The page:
Black holes

A spiral galaxy with a black hole at its centreA spiral galaxy with a black hole at its centreClick to play videoBlack holes are tiny regions of space with a force of gravity so strong that nothing, not even light, can escape from them. All bodies in space have a gravitational pull, the force that attracts other things towards them. The greater an object, the stronger its pull and the harder it is to escape from it. A rocket must go faster than 40,000 km/h (25,000 mph) to escape Earth’s gravity. It would have to exceed 2 million km/h to escape from the Sun, which is a far more massive object than Earth. What if an object were so massive, something would need to travel faster than the speed of light to escape its pull? But we know that nothing can travel faster than light, so light itself could never escape. That object is a black hole.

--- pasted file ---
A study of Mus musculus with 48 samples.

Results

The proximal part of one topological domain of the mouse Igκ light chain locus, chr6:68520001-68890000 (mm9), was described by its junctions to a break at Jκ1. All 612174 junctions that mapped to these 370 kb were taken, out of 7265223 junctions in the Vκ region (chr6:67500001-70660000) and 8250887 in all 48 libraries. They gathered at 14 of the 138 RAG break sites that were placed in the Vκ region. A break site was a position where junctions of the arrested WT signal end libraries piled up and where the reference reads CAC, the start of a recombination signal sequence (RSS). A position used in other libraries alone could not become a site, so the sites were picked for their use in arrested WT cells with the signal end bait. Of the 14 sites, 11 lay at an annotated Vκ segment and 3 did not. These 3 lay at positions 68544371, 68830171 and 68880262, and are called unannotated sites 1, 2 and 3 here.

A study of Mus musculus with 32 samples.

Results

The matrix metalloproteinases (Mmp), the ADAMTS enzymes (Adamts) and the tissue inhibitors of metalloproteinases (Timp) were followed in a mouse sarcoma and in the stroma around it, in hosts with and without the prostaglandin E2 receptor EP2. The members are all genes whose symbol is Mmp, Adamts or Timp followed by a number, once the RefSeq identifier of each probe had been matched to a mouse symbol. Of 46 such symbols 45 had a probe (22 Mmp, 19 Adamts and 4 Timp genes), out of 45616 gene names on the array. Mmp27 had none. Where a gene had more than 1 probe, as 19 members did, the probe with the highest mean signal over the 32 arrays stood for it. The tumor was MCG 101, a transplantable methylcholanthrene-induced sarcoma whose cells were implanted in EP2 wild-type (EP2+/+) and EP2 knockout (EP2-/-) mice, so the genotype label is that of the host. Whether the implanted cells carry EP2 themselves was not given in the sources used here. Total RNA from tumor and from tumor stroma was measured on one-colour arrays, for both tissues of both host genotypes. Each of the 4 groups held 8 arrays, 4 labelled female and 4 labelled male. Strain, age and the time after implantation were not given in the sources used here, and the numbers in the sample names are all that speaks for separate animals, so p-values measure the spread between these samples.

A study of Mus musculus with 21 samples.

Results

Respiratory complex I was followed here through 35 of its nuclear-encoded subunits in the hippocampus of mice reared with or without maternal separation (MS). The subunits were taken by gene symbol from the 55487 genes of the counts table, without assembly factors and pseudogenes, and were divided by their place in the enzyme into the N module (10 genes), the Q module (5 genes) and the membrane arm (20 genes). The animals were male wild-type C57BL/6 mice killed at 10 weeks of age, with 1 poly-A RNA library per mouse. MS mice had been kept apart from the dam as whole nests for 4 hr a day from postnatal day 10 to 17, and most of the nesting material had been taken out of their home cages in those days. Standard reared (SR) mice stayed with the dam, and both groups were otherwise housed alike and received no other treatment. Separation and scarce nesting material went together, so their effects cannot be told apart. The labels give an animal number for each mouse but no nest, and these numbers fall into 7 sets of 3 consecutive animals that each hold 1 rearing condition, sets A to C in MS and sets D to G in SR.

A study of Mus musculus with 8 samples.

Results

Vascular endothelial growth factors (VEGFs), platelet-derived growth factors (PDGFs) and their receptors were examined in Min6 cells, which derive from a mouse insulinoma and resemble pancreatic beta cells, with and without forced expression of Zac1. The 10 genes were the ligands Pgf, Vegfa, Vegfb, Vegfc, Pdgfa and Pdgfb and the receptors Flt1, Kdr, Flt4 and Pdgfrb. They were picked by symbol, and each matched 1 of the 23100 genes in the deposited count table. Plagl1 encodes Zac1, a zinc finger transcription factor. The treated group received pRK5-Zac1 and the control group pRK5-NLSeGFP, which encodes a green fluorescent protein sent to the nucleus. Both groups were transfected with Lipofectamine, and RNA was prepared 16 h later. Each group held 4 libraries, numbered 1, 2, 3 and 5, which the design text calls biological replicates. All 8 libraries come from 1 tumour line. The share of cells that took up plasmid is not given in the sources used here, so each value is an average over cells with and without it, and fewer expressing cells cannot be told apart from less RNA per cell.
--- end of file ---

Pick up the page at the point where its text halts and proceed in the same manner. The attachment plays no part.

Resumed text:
A supernova remnant with a dead star at its centreA supernova remnant with a dead star at its centre

Super-dense bodies

Where might such a massive object be found? Very large stars, some with more than 10 times the mass of the Sun, burn up their fuel in a much shorter time—a few million years, compared to the Sun’s 10 billion years. They swell into massive supergiants before blasting apart in incredibly powerful explosions called supernovas. A supernova’s core compresses in seconds down to a tiny, super-dense body called a neutron star. Its gravitational pull is so strong that even light rays would be pulled back in towards it, so the object is invisible: a black hole.
 

Quasars are among the most luminous, powerful and energetic objects known in the Universe. About the same size as the Solar System, they may give off up to a thousand times the energy of the Milky Way Galaxy.